The Contract of Your Birth
“It was just before sunrise at the electric blue hour I had come to appreciate in the week since I had given up sleeping,” writes Max in the opening chapter of Walks on the Margins: A Story of Bipolar Illness.
Max was twenty and a junior in college when he began his manic journey through the small college town of Grinnell, Iowa. Before then, manic depression was not part of my vocabulary. I never imaged that it would strike my son.
Max was picked up by the police that day, transported to the hospital, and diagnosed with Bipolar I. We took him home. I roasted chicken and mashed potatoes, dished up strawberry ice cream, warmed milk, hoping to bring my son back to himself. But just a few months later the other half of manic depression hit him hard.
Writes Max, “Quick was the rant and rattle of suicidal ideation to snuff out completely any lingering hope for a normal life. The question of how and where I could end the agony soon turned into a habit of minute-by-minute thinking, like the compulsion to open and close a door.”
Something had to be done. More mood stabilizers, fewer antipsychotics, a different family of anti-depressants, a new one, a proven one, an experimental one, a conservative one. Slowly Max began to stabilize and returned to college the next semester.
A year and a half later while on spring break, Max disappeared in Chicago.
I feared the worst, pictured him sleeping under a bridge, bleeding in a back alley, or laying unidentified in a Chicago morgue. I kept my phone in my pocket and when it rattled against my hip, I prayed someone would tell me Max was okay. The call finally came. Max had been admitted to a Chicago hospital. I told myself he would get through this episode just as he had the last, that his dreams would not be buried under the rubble of manic-depression, that every page studied, paper written, canvas painted wouldn’t seem like a lie.”
Max had an episode every year after that. He disappeared among the big city homeless, ended up handcuffed in the back of police cruisers, and came within inches of jumping from a shattered eighth floor window in Philadelphia. By the time he was twenty-six, he’d earned a dozen commitments to psychiatric institutions.
For me the homeless pushing grocery carts scrawled with intimations of the second coming became encounters too close to home. I struggled to come to terms with my changing role as parent and confidant. Stymied, bullied, blindsided by doctors, hospitals, and the law, I chased Max’s collapsing dreams and feared he wouldn’t live through the next crisis.
“I’m so sorry,” a doctor once said to me. “Max is never going to get well. He can never live on his own. You’d better start planning for his future.”
I could not, would not, accept that hopelessness. I was clear-eyed about the illness and its implications, but determined not to fall into the trap of assuming incurable means hopeless. I became deeply involved in NAMI (National Alliance on Mental Illness) and have become a vocal advocate for those with mental illness and their families, imparting the message that, with adequate support, “people with mental illness can and do succeed. They live fulfilled lives, working and developing significant relationships. They engage in the process of recovery, knowing that recovery doesn’t mean cure.”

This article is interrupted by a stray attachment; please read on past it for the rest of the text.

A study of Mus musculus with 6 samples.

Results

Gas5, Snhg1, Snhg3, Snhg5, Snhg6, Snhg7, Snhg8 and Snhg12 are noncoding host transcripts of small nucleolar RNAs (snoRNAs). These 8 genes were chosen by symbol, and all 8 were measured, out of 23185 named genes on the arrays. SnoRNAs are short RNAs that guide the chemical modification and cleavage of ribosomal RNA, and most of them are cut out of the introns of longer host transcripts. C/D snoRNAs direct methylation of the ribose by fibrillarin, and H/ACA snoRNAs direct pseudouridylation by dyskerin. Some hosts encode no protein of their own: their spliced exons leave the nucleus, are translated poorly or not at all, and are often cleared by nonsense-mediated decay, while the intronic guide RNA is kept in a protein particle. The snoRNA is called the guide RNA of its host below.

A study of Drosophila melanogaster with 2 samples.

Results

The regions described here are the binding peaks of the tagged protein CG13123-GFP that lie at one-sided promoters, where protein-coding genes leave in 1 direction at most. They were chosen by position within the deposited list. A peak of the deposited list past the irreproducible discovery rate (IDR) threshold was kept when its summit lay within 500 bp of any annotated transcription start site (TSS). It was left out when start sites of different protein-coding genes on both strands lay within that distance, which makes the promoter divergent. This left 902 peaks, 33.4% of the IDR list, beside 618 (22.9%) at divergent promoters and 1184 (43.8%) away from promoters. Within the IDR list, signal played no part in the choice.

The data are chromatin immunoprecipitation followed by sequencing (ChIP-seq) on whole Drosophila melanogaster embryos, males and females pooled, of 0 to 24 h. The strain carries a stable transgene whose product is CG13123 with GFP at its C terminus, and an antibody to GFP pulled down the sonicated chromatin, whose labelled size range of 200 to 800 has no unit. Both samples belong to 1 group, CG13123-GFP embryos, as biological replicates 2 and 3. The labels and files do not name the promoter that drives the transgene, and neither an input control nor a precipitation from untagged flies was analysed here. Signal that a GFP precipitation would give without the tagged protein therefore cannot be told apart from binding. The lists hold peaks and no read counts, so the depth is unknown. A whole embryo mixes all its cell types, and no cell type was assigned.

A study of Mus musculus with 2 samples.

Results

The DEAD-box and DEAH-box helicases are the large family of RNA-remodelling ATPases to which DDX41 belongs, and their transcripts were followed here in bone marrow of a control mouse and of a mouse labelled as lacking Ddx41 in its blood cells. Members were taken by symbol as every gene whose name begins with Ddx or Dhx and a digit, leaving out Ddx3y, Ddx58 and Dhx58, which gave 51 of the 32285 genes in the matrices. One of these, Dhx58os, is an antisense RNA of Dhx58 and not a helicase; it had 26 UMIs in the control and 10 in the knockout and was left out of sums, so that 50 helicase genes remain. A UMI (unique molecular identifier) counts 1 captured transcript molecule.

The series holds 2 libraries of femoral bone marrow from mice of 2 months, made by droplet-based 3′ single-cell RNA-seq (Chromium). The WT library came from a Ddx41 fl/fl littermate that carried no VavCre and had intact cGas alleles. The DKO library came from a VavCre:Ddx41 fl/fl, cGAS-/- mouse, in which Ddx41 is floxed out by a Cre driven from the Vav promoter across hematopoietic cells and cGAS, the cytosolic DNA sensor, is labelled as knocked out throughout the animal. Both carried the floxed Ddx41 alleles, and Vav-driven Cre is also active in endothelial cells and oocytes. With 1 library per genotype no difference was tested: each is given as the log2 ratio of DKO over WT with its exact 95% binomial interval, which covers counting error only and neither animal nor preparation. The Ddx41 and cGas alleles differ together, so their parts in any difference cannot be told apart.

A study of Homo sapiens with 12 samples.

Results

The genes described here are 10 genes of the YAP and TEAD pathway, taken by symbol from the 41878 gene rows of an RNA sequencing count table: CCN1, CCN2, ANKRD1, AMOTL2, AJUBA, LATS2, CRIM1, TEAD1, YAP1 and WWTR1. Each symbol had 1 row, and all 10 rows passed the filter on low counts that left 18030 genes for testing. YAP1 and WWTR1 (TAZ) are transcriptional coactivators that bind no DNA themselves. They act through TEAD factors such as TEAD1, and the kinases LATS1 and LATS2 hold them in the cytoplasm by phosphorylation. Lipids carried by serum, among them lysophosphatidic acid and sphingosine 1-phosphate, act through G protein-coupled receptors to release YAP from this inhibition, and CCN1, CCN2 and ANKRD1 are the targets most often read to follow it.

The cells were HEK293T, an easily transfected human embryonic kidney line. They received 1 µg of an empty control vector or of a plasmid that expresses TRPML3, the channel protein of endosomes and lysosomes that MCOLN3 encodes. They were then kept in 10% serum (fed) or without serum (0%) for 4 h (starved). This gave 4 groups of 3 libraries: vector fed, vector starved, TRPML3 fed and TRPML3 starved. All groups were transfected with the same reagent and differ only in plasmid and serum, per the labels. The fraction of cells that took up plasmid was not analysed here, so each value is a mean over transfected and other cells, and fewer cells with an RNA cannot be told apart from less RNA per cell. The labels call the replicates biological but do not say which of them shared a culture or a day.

Max, too, is realistic about his struggle and knows the invaluable gift of family support. When I sat beside him in his apartment during a bout of suicidal depression, he writes:
“And yet, my mom was there with me still, sitting on the bed next to me in my basement cave, when I opened my acceptance letter to graduate school, the application for which she did a wonderful job.
‘Thank God,’ she and I said in the same breath. She had ushered me back into life once again. What can I say without resorting to cliché? I can’t. Really though, you don’t have to bring everyone down with you. But, of course, this means not going down at all. And so there is the contract of your birth.”
After years of struggle, Max and I wrote our memoir “Walks on the Margins: A Story of Bipolar Illness.” We’ve found healing in the writing. Now we are speaking out about mental illness to whomever wants to hear, and to many who don’t understand what it means to struggle with these illness. We want to break through the barriers of stigma, put a face on illness because that’s when things will begin to change. That’s when our communities will develop good and accessible mental health treatment for all those who suffer.
Kathy Brandt has published four novels with Penguin and taught writing at the University of Colorado for ten years. She recently completed her term as President of the National Alliance on Mental Illness in Colorado Springs (NAMI-CS) and received the 2012 NAMI National Award for outstanding service to the organization. She has a B.A. in English and an M.A. in Rhetoric. She lives in the mountains of Colorado.
–Max Maddox has a BA in philosophy from Grinnell College and an MFA from the Pennsylvania Academy of Fine Art, where he was nominated for the Joan Mitchell Award and received the Fellowship Trust Award. He has exhibited his work around the country. He lives in Colorado where he teaches and continues to pursue his career in art.